The Richmond School Board has approved a pupil assignment plan designed to end cross-town busing for racial purposes and return public schools here to a neighborhood system.

The plan, approved Tuesday night on a 6-to-1 vote, comes a month after a federal appeals court approved the dismantling of a cross-town busing program in Norfolk public schools.

Unlike the Norfolk plan, the Richmond proposal would not substantially alter the racial makeup of any school in the system, which is more than 85 percent black. Fifteen Richmond schools would increase their percentages of black students, 15 would decrease them and 9 would remain the same.

George Martin, the board's attorney said he will act quickly to get the proposal approved by a federal judge. Richmond has been under a desegregation order since 1971 and any changes in pupil transportation must be approved by the court.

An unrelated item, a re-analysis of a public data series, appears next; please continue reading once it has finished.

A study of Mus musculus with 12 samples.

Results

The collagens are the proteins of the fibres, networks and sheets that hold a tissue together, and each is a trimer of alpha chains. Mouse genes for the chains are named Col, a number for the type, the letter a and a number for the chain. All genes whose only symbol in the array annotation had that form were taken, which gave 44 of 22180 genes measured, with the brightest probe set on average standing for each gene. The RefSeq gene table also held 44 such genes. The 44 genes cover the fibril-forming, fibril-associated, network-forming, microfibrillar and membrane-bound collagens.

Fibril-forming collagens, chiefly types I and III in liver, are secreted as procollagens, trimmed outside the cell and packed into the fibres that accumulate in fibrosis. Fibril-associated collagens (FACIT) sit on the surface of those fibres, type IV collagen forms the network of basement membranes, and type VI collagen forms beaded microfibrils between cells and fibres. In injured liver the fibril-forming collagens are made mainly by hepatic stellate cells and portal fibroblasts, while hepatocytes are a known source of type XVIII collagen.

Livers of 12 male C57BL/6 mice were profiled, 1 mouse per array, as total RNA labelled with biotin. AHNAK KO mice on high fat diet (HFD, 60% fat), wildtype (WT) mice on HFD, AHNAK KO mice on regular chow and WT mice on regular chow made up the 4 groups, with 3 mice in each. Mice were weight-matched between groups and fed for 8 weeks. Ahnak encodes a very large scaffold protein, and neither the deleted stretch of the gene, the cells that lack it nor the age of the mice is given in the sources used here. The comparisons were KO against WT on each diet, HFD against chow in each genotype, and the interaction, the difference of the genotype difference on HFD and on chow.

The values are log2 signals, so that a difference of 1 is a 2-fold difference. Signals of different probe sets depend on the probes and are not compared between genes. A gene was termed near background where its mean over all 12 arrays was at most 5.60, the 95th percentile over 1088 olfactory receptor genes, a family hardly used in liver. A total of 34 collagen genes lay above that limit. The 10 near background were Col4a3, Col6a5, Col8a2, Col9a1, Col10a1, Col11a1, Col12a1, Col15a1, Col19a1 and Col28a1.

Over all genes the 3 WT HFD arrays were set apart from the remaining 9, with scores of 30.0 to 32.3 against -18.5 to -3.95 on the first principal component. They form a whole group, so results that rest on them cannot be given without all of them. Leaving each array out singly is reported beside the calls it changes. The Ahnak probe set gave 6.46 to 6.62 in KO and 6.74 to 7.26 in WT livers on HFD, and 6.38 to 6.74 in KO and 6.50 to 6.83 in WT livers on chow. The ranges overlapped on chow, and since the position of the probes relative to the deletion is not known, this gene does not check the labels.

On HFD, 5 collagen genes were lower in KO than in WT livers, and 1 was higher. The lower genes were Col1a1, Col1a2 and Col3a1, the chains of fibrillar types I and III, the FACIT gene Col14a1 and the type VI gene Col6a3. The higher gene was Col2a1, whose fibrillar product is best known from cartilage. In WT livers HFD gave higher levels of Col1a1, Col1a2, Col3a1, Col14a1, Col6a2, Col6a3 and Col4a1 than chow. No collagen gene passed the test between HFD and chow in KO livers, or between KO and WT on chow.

The only dissenting vote on the board was cast by John L. Howlette, who said the plan needed more study. Throughout the year-long process of studying changes in the plan, Howlette maintained that the school administration had not demonstrated that changing the system would result in educational benefits.

Unlike the Norfolk case, the Richmond School Board's decision to end cross-town busing has created little controversy.

"The Richmond situation is totally different," said Chan Kendrick of the Virginia chapter of the American Civil Liberties Union. "There is no opposition from the traditional people opposing changes like this."